VOL. 133 | NO. 79 | Thursday, April 19, 2018
Republican Contenders for Mayor Say City Paying for Monuments Misstep
By Bill Dries
The three Republican contenders for Shelby County Mayor believe the city of Memphis acted improperly in removing Confederate monuments from city parks last year and is, in effect, paying the piper for challenging the Tennessee Legislature.
“Let me tell you something, until people here in town quit poking the bear in Nashville ain’t nothing going to change,” Shelby County commissioner Terry Roland said at the Wednesday, April 18 candidates forum in East Memphis at the monthly membership luncheon of the Associated Builders and Contractors West Tennessee chapter.
“When you thumb your nose at them, they have the power to do whatever they need to do,” he told a crowd of 200. “Taking those statues up the way they did was absolutely the wrong thing to do.”
Roland said he and others were working on a privately-funded effort behind the scenes when the city made the decision Dec. 20 to sell the parks with the monuments to a private nonprofit and then the nonprofit, Memphis Greenspace, had the monuments removed.
“Like a thief in the night they come on a holiday weekend and took those statues down and nothing could be done about it,” Roland said. “And that was clearly, clearly political.”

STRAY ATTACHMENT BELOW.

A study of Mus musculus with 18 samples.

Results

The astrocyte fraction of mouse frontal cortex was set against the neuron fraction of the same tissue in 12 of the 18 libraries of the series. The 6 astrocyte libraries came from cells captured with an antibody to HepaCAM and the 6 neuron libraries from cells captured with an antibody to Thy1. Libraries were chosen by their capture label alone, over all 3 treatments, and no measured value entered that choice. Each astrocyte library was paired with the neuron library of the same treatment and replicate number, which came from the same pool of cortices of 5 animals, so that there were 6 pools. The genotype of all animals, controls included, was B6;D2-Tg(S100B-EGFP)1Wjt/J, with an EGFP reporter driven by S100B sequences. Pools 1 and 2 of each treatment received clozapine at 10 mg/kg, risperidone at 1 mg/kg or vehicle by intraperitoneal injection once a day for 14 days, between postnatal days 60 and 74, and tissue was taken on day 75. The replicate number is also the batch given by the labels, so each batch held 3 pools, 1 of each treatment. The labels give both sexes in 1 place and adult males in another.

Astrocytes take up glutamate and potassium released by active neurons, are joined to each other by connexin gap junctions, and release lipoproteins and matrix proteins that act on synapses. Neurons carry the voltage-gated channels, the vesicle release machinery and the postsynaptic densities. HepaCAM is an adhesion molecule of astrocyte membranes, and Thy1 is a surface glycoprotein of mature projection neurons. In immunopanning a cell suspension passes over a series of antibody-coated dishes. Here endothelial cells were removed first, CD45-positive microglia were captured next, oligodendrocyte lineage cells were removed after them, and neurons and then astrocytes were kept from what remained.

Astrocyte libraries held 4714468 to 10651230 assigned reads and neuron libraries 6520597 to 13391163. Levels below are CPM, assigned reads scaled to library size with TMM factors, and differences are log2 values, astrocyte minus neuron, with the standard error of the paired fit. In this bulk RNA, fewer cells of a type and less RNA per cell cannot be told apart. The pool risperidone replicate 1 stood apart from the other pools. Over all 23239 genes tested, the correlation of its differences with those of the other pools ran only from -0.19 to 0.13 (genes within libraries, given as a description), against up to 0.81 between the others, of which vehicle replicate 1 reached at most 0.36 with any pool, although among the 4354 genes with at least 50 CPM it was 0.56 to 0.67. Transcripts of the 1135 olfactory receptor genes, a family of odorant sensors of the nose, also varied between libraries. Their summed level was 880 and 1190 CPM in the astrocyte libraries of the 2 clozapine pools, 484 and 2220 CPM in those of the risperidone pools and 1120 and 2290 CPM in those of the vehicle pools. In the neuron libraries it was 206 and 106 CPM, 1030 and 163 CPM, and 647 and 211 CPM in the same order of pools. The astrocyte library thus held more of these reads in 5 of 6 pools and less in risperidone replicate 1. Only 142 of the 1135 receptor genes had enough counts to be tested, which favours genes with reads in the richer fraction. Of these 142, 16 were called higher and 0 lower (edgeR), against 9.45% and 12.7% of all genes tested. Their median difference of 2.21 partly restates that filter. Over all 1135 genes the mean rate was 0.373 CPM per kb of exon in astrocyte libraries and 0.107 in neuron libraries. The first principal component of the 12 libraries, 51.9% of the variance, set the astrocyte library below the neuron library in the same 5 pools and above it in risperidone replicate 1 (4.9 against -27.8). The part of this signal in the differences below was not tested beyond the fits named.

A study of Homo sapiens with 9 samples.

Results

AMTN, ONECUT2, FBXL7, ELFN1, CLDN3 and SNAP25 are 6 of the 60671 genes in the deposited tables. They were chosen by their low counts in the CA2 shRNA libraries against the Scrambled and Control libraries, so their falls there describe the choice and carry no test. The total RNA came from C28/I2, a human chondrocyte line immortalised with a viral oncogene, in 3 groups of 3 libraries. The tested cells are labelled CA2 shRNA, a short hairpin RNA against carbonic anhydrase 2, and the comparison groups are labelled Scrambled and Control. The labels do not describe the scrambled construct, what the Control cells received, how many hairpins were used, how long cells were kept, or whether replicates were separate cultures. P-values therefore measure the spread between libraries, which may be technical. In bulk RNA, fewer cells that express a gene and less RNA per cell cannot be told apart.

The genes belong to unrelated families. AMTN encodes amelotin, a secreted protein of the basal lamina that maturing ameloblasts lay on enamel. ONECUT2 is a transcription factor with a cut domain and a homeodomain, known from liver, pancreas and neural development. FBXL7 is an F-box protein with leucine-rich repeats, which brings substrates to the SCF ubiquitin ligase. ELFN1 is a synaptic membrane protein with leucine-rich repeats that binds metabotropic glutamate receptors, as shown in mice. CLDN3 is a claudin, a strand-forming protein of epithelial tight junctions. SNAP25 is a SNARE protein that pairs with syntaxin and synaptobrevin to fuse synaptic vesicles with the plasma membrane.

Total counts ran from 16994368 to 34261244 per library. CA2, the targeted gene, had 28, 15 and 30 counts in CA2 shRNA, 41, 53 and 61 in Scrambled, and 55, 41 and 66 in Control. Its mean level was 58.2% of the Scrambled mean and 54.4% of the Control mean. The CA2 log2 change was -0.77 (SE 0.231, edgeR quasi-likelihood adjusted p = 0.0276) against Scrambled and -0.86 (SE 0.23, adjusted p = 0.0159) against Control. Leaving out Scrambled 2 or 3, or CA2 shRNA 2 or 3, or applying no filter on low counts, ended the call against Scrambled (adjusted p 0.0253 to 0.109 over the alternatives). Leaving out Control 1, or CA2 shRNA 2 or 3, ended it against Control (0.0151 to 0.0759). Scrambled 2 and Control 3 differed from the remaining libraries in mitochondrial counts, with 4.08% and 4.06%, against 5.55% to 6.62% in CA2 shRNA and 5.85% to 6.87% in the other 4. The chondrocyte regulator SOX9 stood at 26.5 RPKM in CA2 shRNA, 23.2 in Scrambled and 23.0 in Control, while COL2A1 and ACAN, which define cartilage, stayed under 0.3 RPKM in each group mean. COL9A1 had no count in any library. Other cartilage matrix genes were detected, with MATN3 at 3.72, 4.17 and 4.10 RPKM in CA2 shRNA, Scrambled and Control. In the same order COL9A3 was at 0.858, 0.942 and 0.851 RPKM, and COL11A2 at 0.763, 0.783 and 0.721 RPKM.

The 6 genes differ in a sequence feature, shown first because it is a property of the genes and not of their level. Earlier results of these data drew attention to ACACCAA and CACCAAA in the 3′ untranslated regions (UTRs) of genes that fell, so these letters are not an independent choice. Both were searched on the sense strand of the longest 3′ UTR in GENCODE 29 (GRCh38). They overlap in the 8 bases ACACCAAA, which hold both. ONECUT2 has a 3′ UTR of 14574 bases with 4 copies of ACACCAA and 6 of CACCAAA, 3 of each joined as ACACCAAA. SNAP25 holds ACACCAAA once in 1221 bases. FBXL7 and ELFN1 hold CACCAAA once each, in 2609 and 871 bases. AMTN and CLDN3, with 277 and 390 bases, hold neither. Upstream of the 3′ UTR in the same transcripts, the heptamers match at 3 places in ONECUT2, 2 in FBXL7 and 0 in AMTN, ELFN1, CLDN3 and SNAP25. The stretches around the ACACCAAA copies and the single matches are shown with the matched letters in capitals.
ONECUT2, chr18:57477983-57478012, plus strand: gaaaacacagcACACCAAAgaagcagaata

The comments by Roland, Shelby County trustee David Lenoir and Shelby County juvenile court clerk Joy Touliatos came the day after the state House voted to cut $250,000 in state funding for the city’s 2019 bicentennial observances out of Governor Bill Haslam’s state budget proposal.
None of the three contenders in the May 1 Republican primary for county mayor termed the removal of the statues illegal.
“I believe in limited government, local control,” Lenoir began. “The way it occurred, late at night on a Friday night under the cloak of darkness, I think that no doubt sent the wrong message not only to many that live in Shelby County but also in Nashville. … But in many ways we need less of Nashville in Shelby County business.”
Touliatos said the removal of the monuments was “handled inappropriately.”
“But now they (legislators) are trying to pass measures to avoid that from happening again,” she said. “Sometimes you have to follow state law in order for our local government to succeed itself. … If you are going to go against state law there are going to be repercussions.”
With early voting in advance of the May 1 county primary election day underway, the forum was likely the last appearance together by the three contenders. State Senator Lee Harris, who is running with former county commissioner Sidney Chism in the Democratic mayoral primary, also on the May 1 ballot, was expected at the forum but remained in Nashville Wednesday as the legislative session there nears its end.